Based in the small town of White Bear Lake, Minnesota, just outside of the Twin Cities, is Grandma’s Bakery – a family-run operation that hasn’t changed much in 37 years. While change can be a good thing, John Lupo, founder and president of Grandma’s Bakery, says there’s something to be said about doing things the old-fashioned way, with great care and dedication.
Over the years the company has grown, embracing new facilities and equipment, but Lupo says Grandma’s Bakery holds fast to tradition. “In the case of Grandma’s Bakery, what’s old is new again because we’re still doing things the old-fashioned way; the way I grew up on,” he says. This means baking up family favorites from scratch – doughnuts, cakes, cookies, breads, buns, pies, a range of featured holiday items; some 500 different baked goods and sweet treats in all.
Baking up a success story
The Lupo family opened the bakery doors on a hot summer day in July 1978. “My dad was my investor and he helped put up some of the money for me to reopen what was a boarded-up doughnut shop,” recounts Lupo.
The first few years were difficult, but from the beginning, Lupo ran the day-to-day operations, working hard to become the best baker in town. “We eventually added cakes, cookies, rolls and breads to the bakery lineup and the business began to grow,” he shares.
In December 1980, the family remodeled the store, changing the name to Grandma’s Bakery to reflect the wide range of products available. It was then that the bakery also started to deliver products to wholesale accounts in the Twin City area.
“Our first wholesale order was a delivery of one dozen doughnuts to a local hotel,” recalls Lupo. “What started as one dozen quickly grew to 10 dozen and the word spread to other hotels and convenience stores in the area. By the mid ‘80s we had three morning delivery routes all over the Twin City area.”
The wholesale and cake decorating side of the business steadily grew as well. “We were running out of space and began to search for a new building in the area,” says Lupo. “I studied and tried to perfect my craft, working with some of the best bakers in the country through the Retail Bakers of America.”
In 1989, Lupo achieved his long sought-after dream, becoming a Certified Master Baker; the highest level of certification from the Retail Bakers of America.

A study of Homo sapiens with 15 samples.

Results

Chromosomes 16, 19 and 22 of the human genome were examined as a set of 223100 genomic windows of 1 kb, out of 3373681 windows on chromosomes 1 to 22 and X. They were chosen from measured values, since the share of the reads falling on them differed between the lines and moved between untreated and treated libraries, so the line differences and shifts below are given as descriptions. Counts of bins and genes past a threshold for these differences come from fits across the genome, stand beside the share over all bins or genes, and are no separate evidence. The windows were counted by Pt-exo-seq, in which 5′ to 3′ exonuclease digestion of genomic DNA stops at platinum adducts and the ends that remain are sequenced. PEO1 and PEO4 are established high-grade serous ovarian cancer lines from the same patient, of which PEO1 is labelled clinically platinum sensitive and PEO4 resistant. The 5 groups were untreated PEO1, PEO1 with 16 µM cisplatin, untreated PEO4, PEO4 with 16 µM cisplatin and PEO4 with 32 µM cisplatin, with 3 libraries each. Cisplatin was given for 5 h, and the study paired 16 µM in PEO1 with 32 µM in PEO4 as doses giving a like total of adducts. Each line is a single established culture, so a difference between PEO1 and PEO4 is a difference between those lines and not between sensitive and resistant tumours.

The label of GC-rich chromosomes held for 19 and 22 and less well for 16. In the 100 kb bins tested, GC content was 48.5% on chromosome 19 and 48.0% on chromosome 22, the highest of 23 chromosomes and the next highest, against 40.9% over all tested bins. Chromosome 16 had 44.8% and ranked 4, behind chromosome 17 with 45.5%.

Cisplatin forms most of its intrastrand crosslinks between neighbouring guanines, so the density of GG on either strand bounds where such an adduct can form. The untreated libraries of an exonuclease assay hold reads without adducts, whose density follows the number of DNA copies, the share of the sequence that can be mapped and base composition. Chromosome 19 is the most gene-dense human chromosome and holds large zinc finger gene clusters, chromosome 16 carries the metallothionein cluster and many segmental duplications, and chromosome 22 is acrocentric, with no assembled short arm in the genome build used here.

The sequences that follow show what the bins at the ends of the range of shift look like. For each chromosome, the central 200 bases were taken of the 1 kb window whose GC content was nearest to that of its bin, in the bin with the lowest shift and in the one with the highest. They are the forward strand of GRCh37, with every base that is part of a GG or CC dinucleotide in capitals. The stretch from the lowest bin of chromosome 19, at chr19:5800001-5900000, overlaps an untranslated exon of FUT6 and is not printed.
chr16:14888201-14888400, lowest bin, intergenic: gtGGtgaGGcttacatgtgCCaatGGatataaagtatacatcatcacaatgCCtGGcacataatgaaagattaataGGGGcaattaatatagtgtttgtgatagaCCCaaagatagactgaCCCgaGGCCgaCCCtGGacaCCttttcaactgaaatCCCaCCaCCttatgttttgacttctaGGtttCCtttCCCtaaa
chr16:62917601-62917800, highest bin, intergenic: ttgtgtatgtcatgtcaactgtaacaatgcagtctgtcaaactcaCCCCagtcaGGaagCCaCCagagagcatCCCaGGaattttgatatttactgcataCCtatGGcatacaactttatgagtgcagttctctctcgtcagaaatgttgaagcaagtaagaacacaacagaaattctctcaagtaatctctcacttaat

Open design and open arms
In 1991, Lupo found the space for Grandma’s Bakery to grow in White Bear Lake, where the company designed a 19,000-square-foot state-of-the-art, open-kitchen facility, three times the size of the first location. “We moved in just before Thanksgiving and business began to grow very quickly,” says Lupo.
In just a few years the bakery was breaking ground on the first of three additions to the facility on Buerkle Road. “We added a large warehouse and freezer as business continued to grow,” says Lupo. “In 2003, we added space for more ovens and a larger packaging area.”
The most unique part of the production facility is the open-concept design. “When you walk into the retail area there are no walls – you can see into the whole operation, right into the heart of our factory,” explains Lupo. “Customers love this open concept because everything is in clear view. They can see our decorators at work and mixing operations. It’s a little bit of theatrics but people like to see where and how their food is produced. And, it forces us to be extremely clean, something we take great pride in.”
After such success at the main shop, Grandma’s Bakery opened a coffee shop in downtown White Lake in 2008. “Our coffee shop downtown is just the way a Main Street American bakery would be 50 years ago,” says Lupo. “We sell our baked goods, as well as 100 varieties of vintage soda we import from all over. It’s a fun step back for people and I think our customers really appreciate that.”
With more than 125 employees across both locations, Lupo says there isn’t much the bakery can’t tackle. “We’re really excel in large corporate accounts; we can do a breakfast for 10,000 people, no problem,” he says.
“We do the things other bakeries don’t necessarily want to do,” adds Lupo. “In 2006, we made a 4,116-pound cake to feed 94,848 people for the Minnesota State Lottery. The cake covered almost 700 square feet. They gave us the drawing for the cake on a napkin and we took it and ran with it. If you have something on your mind, we can take care of it.”
With larger players in the area such as Sam’s Club and Costco, Lupo says family-owned bakeries are becoming sort of dinosaurs. “Custom bakeries like us just aren’t around anymore,” he says. “We’re still here because we do what we do very well and it’s often hard work. We’re here every day of the year, except Christmas.”
Family dedication, a passion for doing things the old-fashioned way and a lot of elbow grease have allowed Grandma’s Bakery to not only withstand the test of time but to prosper in the Twin Cities.